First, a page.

Certified Substitute Teacher: Average Salary of a Certified Substitute Teacher

Published Aug 29, 2009


Certified Substitute Teacher Career Summary

Certified Substitute Teachers are qualified to fill in for absent teachers in public and private elementary, middle and high schools. The specific duties that a Certified Substitute Teacher is responsible for vary based on the school in need of a substitute teacher. Generally, Certified Substitute Teachers are expected to follow instructions left by absent teachers and are not responsible for developing lesson plans. Requirements to become a Certified Substitute Teacher depend on the state and possibly the school district. Qualifications range from a high school diploma to a bachelor's degree to a teacher's license. NEA (National Education Association), www.nea.org, has a state-by-state listing of requirements for substitute teachers. One may also like to check with their state's Department of Education. NSTA (National Substitute Teachers Alliance), www.nstasubs.org, has a listing of links to state Departments of Education.

Certified Substitute Teacher Career Outlook and Salary Information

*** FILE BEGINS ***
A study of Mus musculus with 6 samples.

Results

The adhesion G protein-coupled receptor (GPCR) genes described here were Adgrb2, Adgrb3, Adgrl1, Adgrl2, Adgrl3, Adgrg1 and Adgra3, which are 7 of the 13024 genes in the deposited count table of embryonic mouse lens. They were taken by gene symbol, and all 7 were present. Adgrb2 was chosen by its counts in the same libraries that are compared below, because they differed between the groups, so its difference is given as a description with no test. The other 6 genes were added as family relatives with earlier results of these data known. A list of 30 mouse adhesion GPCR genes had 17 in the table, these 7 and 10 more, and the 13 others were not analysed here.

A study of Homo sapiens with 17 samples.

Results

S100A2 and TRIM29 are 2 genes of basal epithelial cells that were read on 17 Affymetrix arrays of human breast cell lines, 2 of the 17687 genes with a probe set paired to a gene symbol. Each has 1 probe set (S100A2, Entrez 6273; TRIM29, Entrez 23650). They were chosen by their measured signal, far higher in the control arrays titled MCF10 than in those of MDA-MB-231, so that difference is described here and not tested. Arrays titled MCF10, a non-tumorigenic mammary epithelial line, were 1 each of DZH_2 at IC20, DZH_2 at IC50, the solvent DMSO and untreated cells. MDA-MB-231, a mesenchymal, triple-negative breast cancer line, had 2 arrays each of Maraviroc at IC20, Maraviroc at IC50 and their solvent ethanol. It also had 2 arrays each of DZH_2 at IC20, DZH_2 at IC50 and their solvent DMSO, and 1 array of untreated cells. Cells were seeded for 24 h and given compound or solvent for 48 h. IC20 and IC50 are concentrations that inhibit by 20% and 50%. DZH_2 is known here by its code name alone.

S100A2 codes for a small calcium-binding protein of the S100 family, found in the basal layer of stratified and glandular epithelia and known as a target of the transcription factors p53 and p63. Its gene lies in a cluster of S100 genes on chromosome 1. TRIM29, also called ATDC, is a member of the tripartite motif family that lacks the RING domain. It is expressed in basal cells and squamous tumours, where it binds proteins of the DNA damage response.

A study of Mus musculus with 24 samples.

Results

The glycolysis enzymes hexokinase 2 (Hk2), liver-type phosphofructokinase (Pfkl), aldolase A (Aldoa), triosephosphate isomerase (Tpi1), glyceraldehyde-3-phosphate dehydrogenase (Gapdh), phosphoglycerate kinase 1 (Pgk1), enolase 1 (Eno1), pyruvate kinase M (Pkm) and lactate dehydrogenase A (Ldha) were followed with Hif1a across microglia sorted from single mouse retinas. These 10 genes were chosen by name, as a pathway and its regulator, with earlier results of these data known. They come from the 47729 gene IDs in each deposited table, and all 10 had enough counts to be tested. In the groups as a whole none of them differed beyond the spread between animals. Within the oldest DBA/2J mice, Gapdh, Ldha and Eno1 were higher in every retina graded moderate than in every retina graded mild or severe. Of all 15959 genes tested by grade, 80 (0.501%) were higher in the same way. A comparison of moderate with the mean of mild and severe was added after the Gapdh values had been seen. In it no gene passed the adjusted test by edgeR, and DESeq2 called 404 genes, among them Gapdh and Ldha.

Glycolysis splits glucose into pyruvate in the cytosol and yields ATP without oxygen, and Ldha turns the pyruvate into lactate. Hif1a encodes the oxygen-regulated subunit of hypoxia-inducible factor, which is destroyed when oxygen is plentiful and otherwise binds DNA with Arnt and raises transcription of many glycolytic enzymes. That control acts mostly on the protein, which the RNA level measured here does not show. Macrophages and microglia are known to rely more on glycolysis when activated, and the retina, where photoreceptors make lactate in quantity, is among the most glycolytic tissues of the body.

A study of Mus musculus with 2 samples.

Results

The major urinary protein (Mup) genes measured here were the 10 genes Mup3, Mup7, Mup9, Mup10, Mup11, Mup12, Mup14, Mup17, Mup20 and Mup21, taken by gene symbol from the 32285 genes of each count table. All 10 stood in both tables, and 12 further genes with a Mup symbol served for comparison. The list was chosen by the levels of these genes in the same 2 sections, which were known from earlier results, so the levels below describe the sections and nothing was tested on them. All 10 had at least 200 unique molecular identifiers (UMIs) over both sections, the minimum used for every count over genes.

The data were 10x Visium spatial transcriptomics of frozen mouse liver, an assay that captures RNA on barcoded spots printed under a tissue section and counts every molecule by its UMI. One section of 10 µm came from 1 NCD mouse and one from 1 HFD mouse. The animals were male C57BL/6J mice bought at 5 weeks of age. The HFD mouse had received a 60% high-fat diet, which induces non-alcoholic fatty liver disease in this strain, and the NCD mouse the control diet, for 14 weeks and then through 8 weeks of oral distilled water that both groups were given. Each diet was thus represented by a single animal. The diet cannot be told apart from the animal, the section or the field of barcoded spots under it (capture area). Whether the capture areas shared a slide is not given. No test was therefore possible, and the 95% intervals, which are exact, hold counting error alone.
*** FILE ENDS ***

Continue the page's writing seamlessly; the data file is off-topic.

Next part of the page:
The job outlook for Certified Substitute Teachers varies, depending on where one lives. However, many full-time teachers, laid off during the 2009 recession, may have become substitute teachers. In addition, non-educators, who have lost their jobs, may apply for substitute teacher positions. For example, in California the number of individuals applying for substitute teaching position rose from 54,975 in 2006 to about 65,000 in 2008, according to the Sacramento Bee. The New York Times reports that New York State has put a freeze on hiring teachers externally for the fall of 2009, forcing many new graduates and laid off teachers to apply for substitute teaching positions. This makes obtaining a position presently more competitive. Salaries earned by Certified Substitute Teachers vary by state or district. Other factors impacting pay for Certified Substitute Teachers include education level, years of experience in substitute teaching, level of school taught and duration of commitment. Because Certified Substitute Teachers might not work regular hours, they are generally paid hourly rather than receiving an annual salary. According to Payscale.com, Certified Substitute Teachers can make between ten and 30 dollars an hour, depending on experience. NSTA puts the national average at $105 for a full day.